Ted Cruz won Iowa’s Republican presidential caucus promising to repeal every word of Obamacare. When pressed for details, he said he would separate insurance from employment, expand the use of health savings accounts, and allow people to purchase insurance across state lines. These are good ideas, ones we’ve heard before. There are, however, a number of other policy initiatives worthy of attention, whether the Affordable Care Act is repealed or not. There’s one simple thing Congress could do that would expand access to high‐quality care, especially for patients in rural areas, without costing taxpayers a dime.
Telemedicine providers, which uses telecommunication to provide health care over distances, have made great strides in improving access to care for rural communities. Telemedicine allows quick access to specialists, as with stroke victims where time is of the essence. Video interactions are expected to replace a sizable chunk of face‐to‐face office visits.
But the current system of state licensing stands in the way of interstate practice. Physicians must maintain licenses in each state in which they treat patients. Congressional action to define the location of telemedicine services as the location of the physician would allow physicians to practice with a single license in multiple states. It would allow telemedicine to achieve its full potential.
Under the current system, physicians with multiple licenses are challenged to adhere to state‐specific medical practice regulations, as inconsequential to patient safety as they may be. Legal scholars make the case that Congressional action to reduce barriers to interstate telemedicine would find support in the U.S. Constitutions’ Commerce Clause.
The American Medical Association and the Federation of State Medical Boards argue that allowing a physician licensed in one state to offer remote care in others would strain state board resources, putting the public at risk. The irony is that, for decades, state medical boards have been criticized by consumer groups and others for putting the public at risk.
It is not state boards, but actions by private actors that protect consumers. Physician oversight and the resulting consumer protection are the product of actions by entities liable for physician malpractice, including hospitals, provider groups, health‐insurance companies setting up physician panels or networks, and medical malpractice insurers. These entities credential and evaluate physicians regularly, not just as they enter the profession or when a complaint is filed.
There is no evidence that telemedicine providers go beyond the range of services that safely can be provided remotely. Studies of telemedicinereveal improved access, high quality and, in some cases, cost savings. Telemedicine providers face incentives related to liability that are similar to those faced by other providers. As brand name becomes increasingly important in the interstate telemedicine market, I would expect telemedicine quality to rise above that of many local service providers. Telemedicine offers convenience, quality, cost savings and remote access.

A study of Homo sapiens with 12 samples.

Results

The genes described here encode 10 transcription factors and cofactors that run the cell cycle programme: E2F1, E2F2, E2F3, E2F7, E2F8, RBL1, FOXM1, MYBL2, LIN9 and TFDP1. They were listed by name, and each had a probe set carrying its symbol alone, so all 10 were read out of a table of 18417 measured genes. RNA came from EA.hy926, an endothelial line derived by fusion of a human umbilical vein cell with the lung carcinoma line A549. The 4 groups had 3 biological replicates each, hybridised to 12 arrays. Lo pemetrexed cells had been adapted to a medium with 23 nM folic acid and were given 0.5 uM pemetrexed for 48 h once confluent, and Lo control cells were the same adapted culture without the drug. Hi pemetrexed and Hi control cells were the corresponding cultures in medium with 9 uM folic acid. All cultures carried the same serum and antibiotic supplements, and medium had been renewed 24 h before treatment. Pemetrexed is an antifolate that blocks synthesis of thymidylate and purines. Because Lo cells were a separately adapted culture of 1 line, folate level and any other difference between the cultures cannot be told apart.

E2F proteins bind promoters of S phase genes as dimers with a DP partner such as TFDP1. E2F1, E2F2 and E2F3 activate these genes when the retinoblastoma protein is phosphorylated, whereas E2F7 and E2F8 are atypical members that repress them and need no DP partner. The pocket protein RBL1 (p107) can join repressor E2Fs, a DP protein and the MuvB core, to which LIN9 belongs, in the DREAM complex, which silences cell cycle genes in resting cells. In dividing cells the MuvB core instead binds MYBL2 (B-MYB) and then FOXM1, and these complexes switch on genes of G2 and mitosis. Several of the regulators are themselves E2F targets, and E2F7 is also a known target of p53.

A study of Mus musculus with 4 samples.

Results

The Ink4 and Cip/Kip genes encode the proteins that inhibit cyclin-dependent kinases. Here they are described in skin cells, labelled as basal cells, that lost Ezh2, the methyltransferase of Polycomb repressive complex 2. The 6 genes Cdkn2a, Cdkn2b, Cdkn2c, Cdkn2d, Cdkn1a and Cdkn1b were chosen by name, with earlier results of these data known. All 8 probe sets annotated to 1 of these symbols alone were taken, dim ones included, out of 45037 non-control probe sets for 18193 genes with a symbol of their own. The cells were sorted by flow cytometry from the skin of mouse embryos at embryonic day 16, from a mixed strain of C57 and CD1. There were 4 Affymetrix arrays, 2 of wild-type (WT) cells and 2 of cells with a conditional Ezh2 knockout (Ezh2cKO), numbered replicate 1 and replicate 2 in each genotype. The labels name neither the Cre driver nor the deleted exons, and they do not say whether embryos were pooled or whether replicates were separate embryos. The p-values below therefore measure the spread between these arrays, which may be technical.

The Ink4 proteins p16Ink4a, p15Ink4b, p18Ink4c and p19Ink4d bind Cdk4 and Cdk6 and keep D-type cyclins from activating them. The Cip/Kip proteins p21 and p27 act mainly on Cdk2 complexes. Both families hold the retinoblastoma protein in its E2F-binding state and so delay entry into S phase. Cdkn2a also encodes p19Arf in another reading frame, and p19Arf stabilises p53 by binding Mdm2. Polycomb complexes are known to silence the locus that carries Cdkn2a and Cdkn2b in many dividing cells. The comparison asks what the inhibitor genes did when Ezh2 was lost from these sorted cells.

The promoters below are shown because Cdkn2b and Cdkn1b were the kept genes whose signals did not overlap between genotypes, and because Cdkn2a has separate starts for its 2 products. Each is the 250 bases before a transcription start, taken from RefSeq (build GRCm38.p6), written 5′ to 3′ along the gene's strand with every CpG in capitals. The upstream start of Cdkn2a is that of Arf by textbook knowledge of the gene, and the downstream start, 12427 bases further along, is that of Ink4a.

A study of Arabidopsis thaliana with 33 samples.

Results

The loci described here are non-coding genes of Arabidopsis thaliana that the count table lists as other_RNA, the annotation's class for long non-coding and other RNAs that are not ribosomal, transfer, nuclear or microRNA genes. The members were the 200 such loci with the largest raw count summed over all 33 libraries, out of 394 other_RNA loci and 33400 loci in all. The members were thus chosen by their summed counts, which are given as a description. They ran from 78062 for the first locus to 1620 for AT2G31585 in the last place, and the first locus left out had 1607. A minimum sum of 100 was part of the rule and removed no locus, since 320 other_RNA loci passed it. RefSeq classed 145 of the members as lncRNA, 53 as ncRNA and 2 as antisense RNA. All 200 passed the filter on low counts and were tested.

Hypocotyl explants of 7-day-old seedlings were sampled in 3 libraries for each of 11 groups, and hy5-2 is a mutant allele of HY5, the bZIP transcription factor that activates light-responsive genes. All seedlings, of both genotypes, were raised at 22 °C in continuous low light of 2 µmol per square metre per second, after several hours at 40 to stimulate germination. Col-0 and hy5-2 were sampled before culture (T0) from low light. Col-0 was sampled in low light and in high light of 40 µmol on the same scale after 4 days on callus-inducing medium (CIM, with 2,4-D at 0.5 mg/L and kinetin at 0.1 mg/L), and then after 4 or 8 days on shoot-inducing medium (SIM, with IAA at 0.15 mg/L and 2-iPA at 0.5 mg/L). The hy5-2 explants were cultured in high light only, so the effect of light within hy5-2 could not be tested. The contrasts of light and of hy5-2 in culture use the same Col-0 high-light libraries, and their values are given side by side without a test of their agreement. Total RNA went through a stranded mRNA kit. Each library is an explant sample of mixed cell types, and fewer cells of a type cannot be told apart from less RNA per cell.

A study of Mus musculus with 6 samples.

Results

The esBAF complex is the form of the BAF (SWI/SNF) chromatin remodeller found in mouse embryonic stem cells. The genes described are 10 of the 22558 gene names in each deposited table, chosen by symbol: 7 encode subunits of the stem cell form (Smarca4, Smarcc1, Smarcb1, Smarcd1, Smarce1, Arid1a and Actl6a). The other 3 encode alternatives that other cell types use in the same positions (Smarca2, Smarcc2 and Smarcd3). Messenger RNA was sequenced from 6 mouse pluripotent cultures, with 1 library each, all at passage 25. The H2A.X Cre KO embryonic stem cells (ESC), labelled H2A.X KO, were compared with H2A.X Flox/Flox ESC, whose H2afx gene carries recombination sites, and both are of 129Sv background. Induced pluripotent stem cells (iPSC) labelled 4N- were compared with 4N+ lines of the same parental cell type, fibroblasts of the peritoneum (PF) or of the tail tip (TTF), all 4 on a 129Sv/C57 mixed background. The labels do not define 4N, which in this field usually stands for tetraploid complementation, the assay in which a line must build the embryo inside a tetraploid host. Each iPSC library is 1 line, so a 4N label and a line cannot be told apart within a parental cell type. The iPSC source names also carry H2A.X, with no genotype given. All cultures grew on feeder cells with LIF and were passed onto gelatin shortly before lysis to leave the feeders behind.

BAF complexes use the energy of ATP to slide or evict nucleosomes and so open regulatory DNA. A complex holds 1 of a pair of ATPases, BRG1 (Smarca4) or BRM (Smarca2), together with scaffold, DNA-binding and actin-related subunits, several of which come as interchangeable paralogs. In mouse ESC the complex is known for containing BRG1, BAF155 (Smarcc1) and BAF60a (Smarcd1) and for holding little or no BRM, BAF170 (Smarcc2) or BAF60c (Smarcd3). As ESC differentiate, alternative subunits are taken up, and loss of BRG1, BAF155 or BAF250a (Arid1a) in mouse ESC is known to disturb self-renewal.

Congressional action to redefine the location of the practice of medicine as that of the physician would be consistent with a 2011 Center for Medicare and Medicaid Services’ decision related to hospital credentialing. That decision allows hospitals on the receiving end of telemedicine to rely on the credentialing and privileging efforts of the hospital at which a telemedicine doctor is physically located.
Lack of license portability after nearly two decades of state board inaction led to proposals for redefining the location of the practice of medicine, as advocated here, and federal licensing of telemedicine providers. Fearful of the impact of these policy initiatives on the status quo, the Federation of State Medical Boards took steps to design model state legislation for what has come to be known as the Interstate Medical Licensure Compact. In 2015, 12 states joined the newly formed Compact.
A casual observer might miss the fact that the Compact offers no portability. Under the Compact physicians continue to be responsible for state specific license and renewal fees and held to multiple state‐specific medical practice regulations. The Compact offers an “expedited” application process for multiple licenses, not a single license that would allow physicians to practice in more than one state.
Private licensing service companies already exist to help physicians secure licenses and private credential verification services facilitate the periodic credentialing of physicians. It is not clear whether the Compact Commission could expedite the process of securing multiple licenses or lower the cost.
The bottom line is that the potential of telemedicine is limited as long as state licensing obstructs interstate practice. Politicians on both sides of the aisle could take a giant step toward facilitating interstate telemedicine by supporting Congressional action to define the location of the practice of medicine as that of the physician.